In August 2016, the long-running department stores BHS closed their doors for the final time. We visited the flagship store on Oxford Street, just before it locked up.
A hearty sale is nothing out of the ordinary on Oxford Street, but this one's different. The garish placards bragging 70% off might as well read 'RIP'. BHS is not long for this city.
Inside, if it weren't for those epitaphs all over the shop, it might almost be business as usual. The expiry date on this store (it'll be among the final BHSs to topple) might be less than three weeks, but the lights are on, the shelves are well stocked, and — like most shops on Oxford Street — the heating's cranked up to 11.
"Do we do net curtains?" asks one employee to another. The second shakes her head, and this is relayed by the first in a head shake to the customer.
We can't get permission to speak to the staff in here, but the sense is that if they're upset, they're hiding it well, putting in a good shift right up till the end.
Liquidation is only ever grim news for employees, but do any of the customers rummaging through the spoils genuinely care about BHS anymore?
Dave, trying on jackets in the menswear section, admits this is first time he's come to a BHS in many years.
"I'm literally just waiting for somebody for half an hour, so it was just half an hour to kill," he says.
Will he miss it? "Yeah, I think so. It'll be like a Woolworths — an institution type thing, gone to the wall. So yeah, I think we will miss it."
Dave's hit on something; BHS — or British Home Stores as it was — arrived in Brixton in 1928, as a cheaper rival to Woolworths. (London's first Woolworths was also in Brixton.)
Like Woolworths, BHS was always one of those brands Brits took national pride in — even if they were brands both created by Americans.
And while the flagship Oxford Street store has little of Selfridges' razzmatazz or HMV's electric pink oomph, it does represent what was, in 1986, the fifth biggest clothing retailer in the UK, with 160 stores.
As we take the escalator up to homeware, BHS's imminent demise becomes more pointed. Here, large areas of the shop floor lay abandoned, cages of partially-formed mannequins seem to squeal out, begging to be put out of their misery.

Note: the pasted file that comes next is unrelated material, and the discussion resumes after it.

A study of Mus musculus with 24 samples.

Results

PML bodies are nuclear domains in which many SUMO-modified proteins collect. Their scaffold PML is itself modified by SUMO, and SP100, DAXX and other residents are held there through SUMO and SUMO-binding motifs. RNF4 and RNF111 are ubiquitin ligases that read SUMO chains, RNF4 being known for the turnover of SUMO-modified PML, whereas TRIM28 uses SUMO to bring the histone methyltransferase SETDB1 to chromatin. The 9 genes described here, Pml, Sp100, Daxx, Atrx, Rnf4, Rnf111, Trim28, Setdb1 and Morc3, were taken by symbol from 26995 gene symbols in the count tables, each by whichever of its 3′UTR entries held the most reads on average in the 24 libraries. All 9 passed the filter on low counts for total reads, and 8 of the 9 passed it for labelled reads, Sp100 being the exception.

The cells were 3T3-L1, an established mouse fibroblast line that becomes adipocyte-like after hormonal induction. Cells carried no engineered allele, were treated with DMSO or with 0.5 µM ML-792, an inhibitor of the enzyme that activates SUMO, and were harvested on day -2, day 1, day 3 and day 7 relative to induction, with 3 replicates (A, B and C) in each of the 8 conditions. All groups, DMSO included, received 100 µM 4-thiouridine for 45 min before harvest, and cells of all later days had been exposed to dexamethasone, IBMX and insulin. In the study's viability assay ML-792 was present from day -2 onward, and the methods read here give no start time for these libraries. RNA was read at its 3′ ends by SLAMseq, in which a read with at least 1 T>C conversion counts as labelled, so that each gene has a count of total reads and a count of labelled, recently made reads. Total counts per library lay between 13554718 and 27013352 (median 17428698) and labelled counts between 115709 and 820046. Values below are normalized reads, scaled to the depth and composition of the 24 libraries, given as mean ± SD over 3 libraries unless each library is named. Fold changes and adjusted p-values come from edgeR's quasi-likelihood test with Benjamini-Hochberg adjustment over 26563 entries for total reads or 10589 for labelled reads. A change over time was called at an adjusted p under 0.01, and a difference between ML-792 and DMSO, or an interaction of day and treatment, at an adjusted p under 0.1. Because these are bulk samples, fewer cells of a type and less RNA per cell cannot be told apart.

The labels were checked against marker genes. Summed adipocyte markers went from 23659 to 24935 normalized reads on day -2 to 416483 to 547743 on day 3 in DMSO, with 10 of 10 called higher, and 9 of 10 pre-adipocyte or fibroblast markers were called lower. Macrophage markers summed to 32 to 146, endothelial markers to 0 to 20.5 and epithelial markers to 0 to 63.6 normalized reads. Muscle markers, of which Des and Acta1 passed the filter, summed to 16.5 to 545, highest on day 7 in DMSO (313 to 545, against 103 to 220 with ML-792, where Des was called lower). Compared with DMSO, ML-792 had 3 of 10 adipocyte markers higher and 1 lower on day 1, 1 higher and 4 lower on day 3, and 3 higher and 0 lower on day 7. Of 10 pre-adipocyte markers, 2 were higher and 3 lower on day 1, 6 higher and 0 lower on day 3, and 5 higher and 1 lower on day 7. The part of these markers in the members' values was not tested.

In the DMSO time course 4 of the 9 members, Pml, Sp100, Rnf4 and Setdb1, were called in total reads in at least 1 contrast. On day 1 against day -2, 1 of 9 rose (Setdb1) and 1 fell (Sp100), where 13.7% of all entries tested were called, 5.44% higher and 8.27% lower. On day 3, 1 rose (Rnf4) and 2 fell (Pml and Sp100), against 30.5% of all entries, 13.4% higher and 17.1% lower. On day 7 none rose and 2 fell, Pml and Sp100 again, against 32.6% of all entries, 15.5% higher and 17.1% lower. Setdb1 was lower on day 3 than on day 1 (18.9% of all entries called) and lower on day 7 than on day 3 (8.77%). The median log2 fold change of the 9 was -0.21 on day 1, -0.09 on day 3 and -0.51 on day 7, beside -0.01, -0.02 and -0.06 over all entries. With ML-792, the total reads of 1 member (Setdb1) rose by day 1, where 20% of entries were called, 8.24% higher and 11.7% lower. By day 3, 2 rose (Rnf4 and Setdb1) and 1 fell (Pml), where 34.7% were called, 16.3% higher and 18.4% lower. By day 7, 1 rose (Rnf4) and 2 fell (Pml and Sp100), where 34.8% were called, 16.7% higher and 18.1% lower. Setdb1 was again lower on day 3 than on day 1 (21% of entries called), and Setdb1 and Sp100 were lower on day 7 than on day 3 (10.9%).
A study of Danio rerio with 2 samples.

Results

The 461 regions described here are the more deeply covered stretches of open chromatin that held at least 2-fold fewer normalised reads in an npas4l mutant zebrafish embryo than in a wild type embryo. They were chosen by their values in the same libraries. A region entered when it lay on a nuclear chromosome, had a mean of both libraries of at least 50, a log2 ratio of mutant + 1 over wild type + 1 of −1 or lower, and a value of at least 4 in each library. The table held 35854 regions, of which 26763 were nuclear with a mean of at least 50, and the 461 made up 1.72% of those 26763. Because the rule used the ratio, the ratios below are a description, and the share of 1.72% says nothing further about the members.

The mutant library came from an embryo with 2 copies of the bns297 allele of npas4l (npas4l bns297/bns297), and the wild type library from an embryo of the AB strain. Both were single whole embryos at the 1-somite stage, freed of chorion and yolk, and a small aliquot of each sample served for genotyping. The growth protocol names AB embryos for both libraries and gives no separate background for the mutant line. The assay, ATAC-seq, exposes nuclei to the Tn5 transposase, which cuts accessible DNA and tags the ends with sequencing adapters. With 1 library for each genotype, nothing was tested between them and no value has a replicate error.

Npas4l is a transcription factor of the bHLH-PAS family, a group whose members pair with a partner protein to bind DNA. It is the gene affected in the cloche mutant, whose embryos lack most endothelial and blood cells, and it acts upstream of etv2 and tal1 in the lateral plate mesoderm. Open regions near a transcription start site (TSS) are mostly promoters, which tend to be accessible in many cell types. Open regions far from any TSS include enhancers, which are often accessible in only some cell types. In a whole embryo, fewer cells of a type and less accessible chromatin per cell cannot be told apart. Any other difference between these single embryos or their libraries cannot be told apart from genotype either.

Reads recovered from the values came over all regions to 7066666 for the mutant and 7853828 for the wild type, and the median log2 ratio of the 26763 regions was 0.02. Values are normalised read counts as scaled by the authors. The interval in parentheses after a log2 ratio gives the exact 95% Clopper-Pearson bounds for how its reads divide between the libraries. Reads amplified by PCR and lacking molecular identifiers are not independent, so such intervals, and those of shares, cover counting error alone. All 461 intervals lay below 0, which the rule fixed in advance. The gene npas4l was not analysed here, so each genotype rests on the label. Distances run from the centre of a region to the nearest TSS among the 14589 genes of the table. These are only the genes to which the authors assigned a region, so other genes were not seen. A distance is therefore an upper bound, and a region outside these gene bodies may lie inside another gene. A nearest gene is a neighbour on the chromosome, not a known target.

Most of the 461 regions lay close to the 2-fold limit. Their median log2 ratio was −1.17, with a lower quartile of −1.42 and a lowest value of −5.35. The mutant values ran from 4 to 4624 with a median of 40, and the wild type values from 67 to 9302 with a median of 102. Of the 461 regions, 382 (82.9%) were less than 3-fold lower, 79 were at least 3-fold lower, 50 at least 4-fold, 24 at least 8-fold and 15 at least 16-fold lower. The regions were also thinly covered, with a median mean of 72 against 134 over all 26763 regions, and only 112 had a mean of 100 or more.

Areas of the shop floor lay abandoned, cages of partially-formed mannequins seem to squeal out, begging to be put out of their misery.
Joanne and Brenda are visiting from Gravesend, and perusing a shelf strewn with a few remaining chandeliers.
"Two of my girls have bought lights in the sale," says Brenda, "I think I've come to this one about a week too late.
"I used to use BHS a lot for my son's clothes, when no one else did boy's clothes. I'm going back about 30 years."
Though it was the sale that drew them here today, Joanna says she always loved to shop at BHS over the Christmas period. Maybe she'll get some early Christmas shopping done today.
While Brenda was the mum who brought her children to BHS, Sony was one of the kids brought here by her mum.
"It's a shame," Sony says, "I'm quite shocked what's happened to BHS really. Actually, if you grew up in the 90s, your mum would have probably brought you here."
If you grew up in the 90s, your mum would have probably brought you here.
Lured in by today's sales, Sony's discovered BHS had a greater range than she thought.
"I just realised that Dorothy Perkins is a part of the group, so I feel sorry for the other groups. I always thought that BHS was BHS but it actually has other stores inside it. It's a shame for the whole group, not just BHS.*
"Clearly it's going to drag everyone down."
While the mood of the staff is best described as stoic, many of the customers are acting like you might at the deathbed of a distant, elderly relative you fell out of touch with decades ago. They're reflective, but they'll get over it soon enough. And to take the edge off the shock, there's plenty of clobber to rifle through and take home.
You could ask: what's the usual atmosphere in a BHS on a Monday, anyway? The answer to that is that we're not entirely sure. We haven't been since our mum brought us in the 90s.
*As noted in the comments below, Dorothy Perkins is in fact owned by Arcadia Group, itself owned by Philip Green's wife.